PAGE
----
John William Grover


Early life[edit]

Grover was the only son of Henry Montague Grover, the rector of Hitcham, Buckinghamshire.[1] He was sent to Marlborough College and studied in Germany and under the engineer Sir Charles Fox. He left to work for the railway engineer John Fowler, surveying routes in Portugal. He then joined the Science and Art Department, supervising and designing parts of the South Kensington Museum, the conservatory of the Royal Horticultural Society and domes for the 1862 International Exhibition. [2]

Consulting career[edit]

He set up his own consulting business in London in 1862, working on railways and structures. His projects included:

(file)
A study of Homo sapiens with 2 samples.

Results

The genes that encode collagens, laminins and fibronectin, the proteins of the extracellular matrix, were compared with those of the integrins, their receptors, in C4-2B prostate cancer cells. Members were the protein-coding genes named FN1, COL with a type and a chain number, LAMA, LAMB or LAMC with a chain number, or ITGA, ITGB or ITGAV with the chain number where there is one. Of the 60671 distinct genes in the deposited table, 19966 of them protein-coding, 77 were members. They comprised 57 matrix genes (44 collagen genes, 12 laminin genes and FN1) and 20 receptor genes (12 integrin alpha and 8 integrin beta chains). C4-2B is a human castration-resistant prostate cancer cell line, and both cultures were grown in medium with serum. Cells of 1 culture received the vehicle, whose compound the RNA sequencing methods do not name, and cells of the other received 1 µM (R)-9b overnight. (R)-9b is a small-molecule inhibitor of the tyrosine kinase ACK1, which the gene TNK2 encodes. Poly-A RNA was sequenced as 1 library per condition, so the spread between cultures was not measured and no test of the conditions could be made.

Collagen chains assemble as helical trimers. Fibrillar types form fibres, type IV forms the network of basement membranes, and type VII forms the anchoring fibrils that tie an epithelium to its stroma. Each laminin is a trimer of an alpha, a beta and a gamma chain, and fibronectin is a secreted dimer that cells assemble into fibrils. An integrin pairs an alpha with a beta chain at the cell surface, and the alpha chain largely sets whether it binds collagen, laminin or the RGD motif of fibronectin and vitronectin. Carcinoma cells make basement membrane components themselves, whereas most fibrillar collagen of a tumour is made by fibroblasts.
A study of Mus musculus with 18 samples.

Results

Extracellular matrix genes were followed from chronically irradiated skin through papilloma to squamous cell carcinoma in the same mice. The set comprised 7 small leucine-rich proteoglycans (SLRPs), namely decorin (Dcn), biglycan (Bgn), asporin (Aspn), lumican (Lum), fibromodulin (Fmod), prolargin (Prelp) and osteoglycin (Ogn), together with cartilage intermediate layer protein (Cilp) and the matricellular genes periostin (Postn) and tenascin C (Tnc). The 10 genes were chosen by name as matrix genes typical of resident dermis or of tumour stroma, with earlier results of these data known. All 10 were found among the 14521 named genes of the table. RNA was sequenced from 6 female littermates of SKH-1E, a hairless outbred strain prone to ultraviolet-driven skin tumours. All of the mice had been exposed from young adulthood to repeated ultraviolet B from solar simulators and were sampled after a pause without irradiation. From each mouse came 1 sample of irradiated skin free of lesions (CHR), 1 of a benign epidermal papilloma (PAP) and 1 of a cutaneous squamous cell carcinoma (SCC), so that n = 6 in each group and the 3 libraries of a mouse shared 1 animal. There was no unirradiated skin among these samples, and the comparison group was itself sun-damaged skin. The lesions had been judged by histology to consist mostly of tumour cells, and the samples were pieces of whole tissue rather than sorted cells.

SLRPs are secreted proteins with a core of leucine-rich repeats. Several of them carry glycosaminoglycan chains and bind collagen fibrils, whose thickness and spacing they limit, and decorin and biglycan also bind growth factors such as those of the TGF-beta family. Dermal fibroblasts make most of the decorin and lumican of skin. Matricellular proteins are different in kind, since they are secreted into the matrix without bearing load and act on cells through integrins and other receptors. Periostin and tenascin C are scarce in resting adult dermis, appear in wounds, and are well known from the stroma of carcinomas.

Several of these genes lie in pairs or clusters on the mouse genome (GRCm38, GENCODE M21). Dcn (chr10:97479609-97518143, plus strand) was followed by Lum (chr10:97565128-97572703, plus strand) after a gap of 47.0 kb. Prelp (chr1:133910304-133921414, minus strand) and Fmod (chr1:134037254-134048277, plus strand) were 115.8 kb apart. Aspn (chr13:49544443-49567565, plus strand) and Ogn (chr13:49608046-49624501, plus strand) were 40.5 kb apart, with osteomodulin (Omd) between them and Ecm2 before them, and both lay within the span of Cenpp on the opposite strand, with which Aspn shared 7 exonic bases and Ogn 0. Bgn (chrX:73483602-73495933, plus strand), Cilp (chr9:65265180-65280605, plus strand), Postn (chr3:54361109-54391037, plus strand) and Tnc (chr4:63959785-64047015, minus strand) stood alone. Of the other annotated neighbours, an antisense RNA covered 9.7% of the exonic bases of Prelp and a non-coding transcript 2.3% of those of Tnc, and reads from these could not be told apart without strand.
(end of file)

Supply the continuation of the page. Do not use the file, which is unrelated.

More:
Later in his career he designed waterworks and water supplies, specialising in chalk aquifers, designing supplies to service London, Westerham, Newbury, Wokingham, Leatherhead, Rickmansworth and Uxbridge. He also designed water schemes at Bridgend, West Indies, Egypt, Austria, Denmark, Italy, and Switzerland.

In addition to being a member of the Institution of Civil Engineers, his interest in Ancient Roman artifacts led him to membership of the Society of Antiquaries and the British Archaeological Association. [2]

He died at his home at Clapham after a long illness, on 23 August 1892, aged 56,[2] and was buried at West Norwood Cemetery.


  1. ^ Lee, Sidney, ed. (1901). "Grover, John William" . Dictionary of National Biography (1st supplement). 2. London: Smith, Elder & Co.
  2. ^ a b c Beare 1901.

 This article incorporates text from a publication now in the public domainBeare, Thomas Hudson (1901). "Grover, John William". Dictionary of National Biography (1st supplement). London: Smith, Elder & Co.